Are you locked in to an energy supply contract in which you have to accept price rises? Has your initial contract been rolled over onto a new one without your knowledge? Many fixed term contracts for power supply include a clause that allows them to do this unless you notify them otherwise within a window of months before the end of the initial contract term. This could start three or six months earlier, but if your attention was never drawn to the clause you could be unaware of it, like many other small businesses.
Government Concern and Intervention
Prime Minister, David Cameron, recently confirmed that he has been concerned about this automatic roll-over practice because it ‘can lock small companies into paying above market rates’. His government set up a working group to try to get voluntary agreements to end roll-over contracts. The Federation of Small Businesses is cooperating with Downing Street on the issue because a quarter of its members have been ‘locked into contracts with un-negotiated price increases.’
You and your bookkeepers may or may not be aware that energy regulator Ofgem has now set new rules for contracts with micro businesses. They will apply if you have fewer than 10 full time employees, or their equivalent, and your turnover is below £2 million. If you don’t fit this category but use less than 200,000 kWh of gas or 55,000 kWh of electricity, the rules will still apply.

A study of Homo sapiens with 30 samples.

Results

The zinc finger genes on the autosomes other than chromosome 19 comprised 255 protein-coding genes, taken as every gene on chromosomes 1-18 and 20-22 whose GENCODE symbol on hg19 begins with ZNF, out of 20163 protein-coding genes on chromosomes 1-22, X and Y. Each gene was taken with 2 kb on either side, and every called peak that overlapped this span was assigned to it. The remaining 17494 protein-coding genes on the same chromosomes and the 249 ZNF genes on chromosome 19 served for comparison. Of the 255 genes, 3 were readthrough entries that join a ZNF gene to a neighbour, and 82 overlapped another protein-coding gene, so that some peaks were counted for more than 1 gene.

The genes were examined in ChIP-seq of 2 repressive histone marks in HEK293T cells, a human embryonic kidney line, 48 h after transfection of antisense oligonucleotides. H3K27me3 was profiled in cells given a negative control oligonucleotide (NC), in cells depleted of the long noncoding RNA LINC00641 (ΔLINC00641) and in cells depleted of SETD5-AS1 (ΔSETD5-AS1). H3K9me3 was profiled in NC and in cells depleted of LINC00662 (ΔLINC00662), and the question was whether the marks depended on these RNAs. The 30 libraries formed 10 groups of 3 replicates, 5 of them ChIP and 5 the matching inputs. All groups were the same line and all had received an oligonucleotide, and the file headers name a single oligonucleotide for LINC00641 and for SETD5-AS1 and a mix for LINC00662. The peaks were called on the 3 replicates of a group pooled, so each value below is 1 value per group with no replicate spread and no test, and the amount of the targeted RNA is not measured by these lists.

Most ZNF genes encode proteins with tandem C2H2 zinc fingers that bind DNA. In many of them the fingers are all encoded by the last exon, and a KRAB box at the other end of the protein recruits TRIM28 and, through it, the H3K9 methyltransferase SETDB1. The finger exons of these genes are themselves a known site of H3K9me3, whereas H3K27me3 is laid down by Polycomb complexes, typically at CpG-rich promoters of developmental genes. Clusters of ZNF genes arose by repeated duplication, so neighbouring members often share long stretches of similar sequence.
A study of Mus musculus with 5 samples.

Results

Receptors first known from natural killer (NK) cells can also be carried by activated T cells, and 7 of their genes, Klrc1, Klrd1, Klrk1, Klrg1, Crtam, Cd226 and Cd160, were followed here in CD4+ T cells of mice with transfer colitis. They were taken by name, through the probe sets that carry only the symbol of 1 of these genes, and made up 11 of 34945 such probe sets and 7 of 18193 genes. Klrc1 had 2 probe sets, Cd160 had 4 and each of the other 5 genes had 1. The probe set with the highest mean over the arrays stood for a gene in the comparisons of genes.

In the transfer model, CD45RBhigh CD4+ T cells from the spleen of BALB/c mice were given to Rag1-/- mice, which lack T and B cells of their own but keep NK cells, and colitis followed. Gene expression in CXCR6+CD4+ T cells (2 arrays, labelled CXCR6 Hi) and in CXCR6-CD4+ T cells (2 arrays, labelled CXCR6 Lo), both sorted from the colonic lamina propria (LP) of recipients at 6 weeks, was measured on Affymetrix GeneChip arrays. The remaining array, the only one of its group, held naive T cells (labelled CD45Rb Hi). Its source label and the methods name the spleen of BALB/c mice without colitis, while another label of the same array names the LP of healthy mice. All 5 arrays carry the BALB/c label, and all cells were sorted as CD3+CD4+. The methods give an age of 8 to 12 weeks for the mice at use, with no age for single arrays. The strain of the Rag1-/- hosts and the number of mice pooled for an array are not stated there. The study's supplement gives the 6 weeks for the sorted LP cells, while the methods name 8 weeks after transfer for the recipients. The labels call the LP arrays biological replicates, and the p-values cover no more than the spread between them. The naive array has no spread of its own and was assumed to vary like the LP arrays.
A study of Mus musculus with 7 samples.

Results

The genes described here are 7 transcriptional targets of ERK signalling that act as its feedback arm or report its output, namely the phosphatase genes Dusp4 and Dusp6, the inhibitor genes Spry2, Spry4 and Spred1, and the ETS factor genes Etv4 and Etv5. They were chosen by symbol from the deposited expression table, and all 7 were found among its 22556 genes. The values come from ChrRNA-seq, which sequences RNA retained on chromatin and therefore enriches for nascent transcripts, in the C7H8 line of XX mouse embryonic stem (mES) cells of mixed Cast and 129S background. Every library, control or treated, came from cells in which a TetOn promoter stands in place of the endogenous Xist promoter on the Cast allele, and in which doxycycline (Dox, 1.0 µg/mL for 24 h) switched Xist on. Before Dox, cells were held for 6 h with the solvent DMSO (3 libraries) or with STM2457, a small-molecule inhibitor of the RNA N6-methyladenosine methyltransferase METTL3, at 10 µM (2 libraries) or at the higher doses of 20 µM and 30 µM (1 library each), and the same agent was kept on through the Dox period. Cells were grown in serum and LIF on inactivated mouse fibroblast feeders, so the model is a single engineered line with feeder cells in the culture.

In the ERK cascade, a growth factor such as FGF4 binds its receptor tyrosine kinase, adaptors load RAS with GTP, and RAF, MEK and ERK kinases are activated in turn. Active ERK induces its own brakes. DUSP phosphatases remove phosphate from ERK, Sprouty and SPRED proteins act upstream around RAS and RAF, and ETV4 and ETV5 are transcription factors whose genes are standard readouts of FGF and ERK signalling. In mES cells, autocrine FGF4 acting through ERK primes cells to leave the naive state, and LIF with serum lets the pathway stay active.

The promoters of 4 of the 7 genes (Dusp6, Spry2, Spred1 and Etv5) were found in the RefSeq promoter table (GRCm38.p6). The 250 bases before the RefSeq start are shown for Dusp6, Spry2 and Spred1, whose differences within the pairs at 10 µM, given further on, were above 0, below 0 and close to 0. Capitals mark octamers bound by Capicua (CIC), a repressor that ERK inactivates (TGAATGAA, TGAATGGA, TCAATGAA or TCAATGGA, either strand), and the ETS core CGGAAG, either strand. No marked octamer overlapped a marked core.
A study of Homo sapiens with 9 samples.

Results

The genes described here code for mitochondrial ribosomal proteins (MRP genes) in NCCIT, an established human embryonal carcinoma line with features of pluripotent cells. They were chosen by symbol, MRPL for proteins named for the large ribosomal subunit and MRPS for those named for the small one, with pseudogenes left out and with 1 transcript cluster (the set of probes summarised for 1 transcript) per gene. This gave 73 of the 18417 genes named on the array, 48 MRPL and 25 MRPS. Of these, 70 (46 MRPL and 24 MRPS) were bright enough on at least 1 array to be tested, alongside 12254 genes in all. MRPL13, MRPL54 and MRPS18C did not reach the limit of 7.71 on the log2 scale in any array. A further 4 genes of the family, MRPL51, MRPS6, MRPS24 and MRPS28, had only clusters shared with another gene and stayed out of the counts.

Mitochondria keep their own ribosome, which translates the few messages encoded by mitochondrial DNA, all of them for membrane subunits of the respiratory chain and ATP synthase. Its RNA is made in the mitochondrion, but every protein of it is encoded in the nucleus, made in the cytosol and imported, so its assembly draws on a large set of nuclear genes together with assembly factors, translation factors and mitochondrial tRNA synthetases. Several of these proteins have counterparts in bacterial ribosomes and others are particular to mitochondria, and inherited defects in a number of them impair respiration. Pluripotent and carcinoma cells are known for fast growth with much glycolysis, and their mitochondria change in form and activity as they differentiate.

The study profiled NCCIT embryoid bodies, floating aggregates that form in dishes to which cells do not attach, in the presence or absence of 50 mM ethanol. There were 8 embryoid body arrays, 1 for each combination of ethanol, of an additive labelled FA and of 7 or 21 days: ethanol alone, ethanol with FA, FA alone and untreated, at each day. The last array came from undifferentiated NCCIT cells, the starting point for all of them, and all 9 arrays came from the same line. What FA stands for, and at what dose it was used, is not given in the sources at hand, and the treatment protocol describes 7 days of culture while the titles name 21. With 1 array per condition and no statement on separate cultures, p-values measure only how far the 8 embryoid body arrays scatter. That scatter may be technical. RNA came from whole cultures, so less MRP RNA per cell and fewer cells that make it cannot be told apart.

The terms of contracts must be fully and clearly explained before you sign up to them. They must also be supplied in writing and include a statement of renewal terms. Suppliers must ensure that customers receive a reminder of this statement not more than 120 days before the end of the contract, so that they have an opportunity to research the market and decide whether to switch or renegotiate terms.
Big Six Response
Meanwhile the energy companies are beginning to respond to the government’s concern. The first of the major suppliers, British Gas, has pledged to abolish the automatic rollover of energy contracts for SMEs this September. The next to agree were npower and SSE, then EDF Power, leaving, at the time of writing, only E.On and Scottish Power of the six largest suppliers.
If you are within four months of the end of a fixed-term energy contract, whether or not you have heard from your power supplier, it’s time to look carefully at the small print, and consider whether you want to switch, continue as before, or renegotiate terms. If you are too busy, you could ask your outsourced bookkeepers to check the contract for you and give you their recommendations.